Glass half...

Something in the Chinese culture or disposition lends itself to brutal honesty. I've experiencd this firsthand many times in the past. Seeing an aunt for the first time in ages, I've been greeted more than once with, "Wow! You've sure put on some weight. You should work out some more, maybe skip dinner tonight."
With my Americanized sense of tact, I can only smile sheepishly and reply good-naturedly, "Yeah, hah hah."
On my flight back from Beijing to Newark today, the American pilot came on as we descended into New Jersey, "The weather's a bit overcast, so we may experience a bit of turbulence on our descent."
He was followed by the translation into Mandarin from the Chinese stewardess, "The weather in the Newark area is very bad, hot and stormy. The descent will probably be very rough. Please get to yoru seat and buckle your seatbelt immediately!"
After we'd survived our landing, we pulled a stop on the runway.
Pilot, in English, "We've been informed that our gate is still occupied, but it should be clear in 10 to 12 minutes, so we'll just sit here for a brief moment."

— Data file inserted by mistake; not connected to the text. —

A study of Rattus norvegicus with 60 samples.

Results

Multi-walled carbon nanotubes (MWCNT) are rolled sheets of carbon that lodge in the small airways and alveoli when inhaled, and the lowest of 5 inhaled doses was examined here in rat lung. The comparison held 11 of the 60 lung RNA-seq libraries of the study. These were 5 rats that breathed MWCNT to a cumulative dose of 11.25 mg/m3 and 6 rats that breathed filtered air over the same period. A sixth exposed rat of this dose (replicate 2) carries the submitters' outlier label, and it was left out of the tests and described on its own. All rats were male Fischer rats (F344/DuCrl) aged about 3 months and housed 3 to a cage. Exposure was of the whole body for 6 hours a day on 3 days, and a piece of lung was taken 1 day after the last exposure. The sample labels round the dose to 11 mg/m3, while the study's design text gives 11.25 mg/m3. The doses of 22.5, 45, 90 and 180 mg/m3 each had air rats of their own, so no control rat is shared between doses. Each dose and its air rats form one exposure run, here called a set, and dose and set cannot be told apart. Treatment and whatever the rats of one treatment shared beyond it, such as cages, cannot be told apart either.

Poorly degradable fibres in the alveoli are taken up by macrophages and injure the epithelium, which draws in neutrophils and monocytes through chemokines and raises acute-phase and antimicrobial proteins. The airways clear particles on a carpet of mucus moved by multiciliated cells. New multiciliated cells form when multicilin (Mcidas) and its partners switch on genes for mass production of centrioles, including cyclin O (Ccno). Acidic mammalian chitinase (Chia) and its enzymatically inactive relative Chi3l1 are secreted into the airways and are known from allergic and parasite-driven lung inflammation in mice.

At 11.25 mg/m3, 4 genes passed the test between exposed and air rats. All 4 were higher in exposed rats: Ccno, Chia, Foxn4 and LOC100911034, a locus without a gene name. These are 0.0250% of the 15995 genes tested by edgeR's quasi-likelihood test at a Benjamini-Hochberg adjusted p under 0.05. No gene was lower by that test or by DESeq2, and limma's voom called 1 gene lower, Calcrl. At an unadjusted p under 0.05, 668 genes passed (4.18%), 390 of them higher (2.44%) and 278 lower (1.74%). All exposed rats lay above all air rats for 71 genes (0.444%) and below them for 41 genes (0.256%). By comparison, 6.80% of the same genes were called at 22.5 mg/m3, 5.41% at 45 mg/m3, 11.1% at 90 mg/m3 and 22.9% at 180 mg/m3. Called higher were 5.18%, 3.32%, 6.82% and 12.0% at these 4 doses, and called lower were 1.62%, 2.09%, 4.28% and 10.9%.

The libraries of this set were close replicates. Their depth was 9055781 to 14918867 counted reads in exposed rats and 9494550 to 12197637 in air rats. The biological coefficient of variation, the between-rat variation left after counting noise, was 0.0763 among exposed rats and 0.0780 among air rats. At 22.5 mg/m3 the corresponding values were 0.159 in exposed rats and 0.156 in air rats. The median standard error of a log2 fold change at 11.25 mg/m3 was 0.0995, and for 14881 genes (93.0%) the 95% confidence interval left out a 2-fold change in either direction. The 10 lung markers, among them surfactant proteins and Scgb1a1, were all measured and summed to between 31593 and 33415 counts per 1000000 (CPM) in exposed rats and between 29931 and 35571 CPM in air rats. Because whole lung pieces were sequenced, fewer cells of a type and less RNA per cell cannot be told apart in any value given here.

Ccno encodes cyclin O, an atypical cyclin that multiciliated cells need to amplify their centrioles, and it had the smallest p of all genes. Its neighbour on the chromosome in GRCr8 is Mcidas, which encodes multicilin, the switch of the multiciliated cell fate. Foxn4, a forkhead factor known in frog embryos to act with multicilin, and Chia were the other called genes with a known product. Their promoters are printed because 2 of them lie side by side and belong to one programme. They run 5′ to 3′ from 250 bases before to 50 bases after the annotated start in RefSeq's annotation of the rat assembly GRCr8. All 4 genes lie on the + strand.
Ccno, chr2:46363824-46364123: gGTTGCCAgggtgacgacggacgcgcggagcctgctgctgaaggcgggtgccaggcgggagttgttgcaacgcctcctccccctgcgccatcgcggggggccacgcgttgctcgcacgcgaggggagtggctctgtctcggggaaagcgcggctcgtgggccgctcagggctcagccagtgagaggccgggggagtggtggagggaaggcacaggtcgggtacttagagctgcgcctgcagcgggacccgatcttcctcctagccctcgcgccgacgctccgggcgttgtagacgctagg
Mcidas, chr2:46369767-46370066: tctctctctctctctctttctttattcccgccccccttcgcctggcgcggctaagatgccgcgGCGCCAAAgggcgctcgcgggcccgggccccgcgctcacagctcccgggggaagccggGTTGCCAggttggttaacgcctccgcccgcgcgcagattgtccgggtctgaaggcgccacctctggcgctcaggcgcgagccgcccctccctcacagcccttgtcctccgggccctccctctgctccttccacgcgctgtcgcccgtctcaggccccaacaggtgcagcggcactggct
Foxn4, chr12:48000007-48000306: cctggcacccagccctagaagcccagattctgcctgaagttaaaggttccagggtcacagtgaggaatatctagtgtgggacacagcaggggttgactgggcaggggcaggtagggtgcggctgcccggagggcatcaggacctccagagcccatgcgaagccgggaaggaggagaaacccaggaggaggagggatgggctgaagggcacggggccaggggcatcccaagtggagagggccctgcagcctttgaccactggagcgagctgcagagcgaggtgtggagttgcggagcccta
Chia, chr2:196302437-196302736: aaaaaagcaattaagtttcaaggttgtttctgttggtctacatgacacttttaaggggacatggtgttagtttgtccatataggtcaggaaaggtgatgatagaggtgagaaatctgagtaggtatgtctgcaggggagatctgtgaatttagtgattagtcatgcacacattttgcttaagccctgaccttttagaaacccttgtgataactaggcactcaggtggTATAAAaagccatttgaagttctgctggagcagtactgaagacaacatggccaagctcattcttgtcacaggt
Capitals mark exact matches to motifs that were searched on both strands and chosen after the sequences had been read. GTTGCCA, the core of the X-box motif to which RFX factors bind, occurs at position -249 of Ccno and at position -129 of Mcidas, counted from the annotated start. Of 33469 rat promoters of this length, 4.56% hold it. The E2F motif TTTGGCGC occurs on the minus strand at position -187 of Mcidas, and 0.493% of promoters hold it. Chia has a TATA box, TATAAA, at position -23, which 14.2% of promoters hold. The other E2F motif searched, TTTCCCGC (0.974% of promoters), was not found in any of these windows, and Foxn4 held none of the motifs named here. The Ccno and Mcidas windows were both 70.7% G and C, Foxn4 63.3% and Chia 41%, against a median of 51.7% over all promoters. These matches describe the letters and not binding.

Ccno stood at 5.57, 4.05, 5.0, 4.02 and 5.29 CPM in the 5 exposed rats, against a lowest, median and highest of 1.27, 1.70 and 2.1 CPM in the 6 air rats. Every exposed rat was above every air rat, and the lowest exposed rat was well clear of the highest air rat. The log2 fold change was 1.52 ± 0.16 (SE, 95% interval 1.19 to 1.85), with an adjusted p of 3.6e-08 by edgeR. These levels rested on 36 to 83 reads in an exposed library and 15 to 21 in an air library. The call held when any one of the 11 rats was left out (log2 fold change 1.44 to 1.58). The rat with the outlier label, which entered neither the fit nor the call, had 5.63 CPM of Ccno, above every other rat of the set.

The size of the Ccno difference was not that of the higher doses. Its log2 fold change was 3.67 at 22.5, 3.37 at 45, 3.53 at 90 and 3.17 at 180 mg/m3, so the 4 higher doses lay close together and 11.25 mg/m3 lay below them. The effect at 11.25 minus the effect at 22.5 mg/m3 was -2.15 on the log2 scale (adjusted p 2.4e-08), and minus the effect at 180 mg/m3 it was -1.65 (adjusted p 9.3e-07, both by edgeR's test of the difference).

Stewardess, in Chinese, "There's another plane at the gate. We'll probably be held up for 15 to 20 minutes until we can move."
Of course, the stewardess was right. I wonder what Chinese stewardesses say about departure delays in China.
"Ladies and gentleman, we're being held up while we wait for the pilot who's sitting on the toilet right now. That's what happens when you have one too many of those freeze-dried monstrosities we call meals, one of which will be sitting on your tray table shortly, if we ever take off. Please turn off your cell phones. I'm supposed to tell you that they'll interfere with the airplane's communications, but that's a lie, we just don't want to listen to twenty-nine businessman jabbering away in the cabin about pointless nonsense."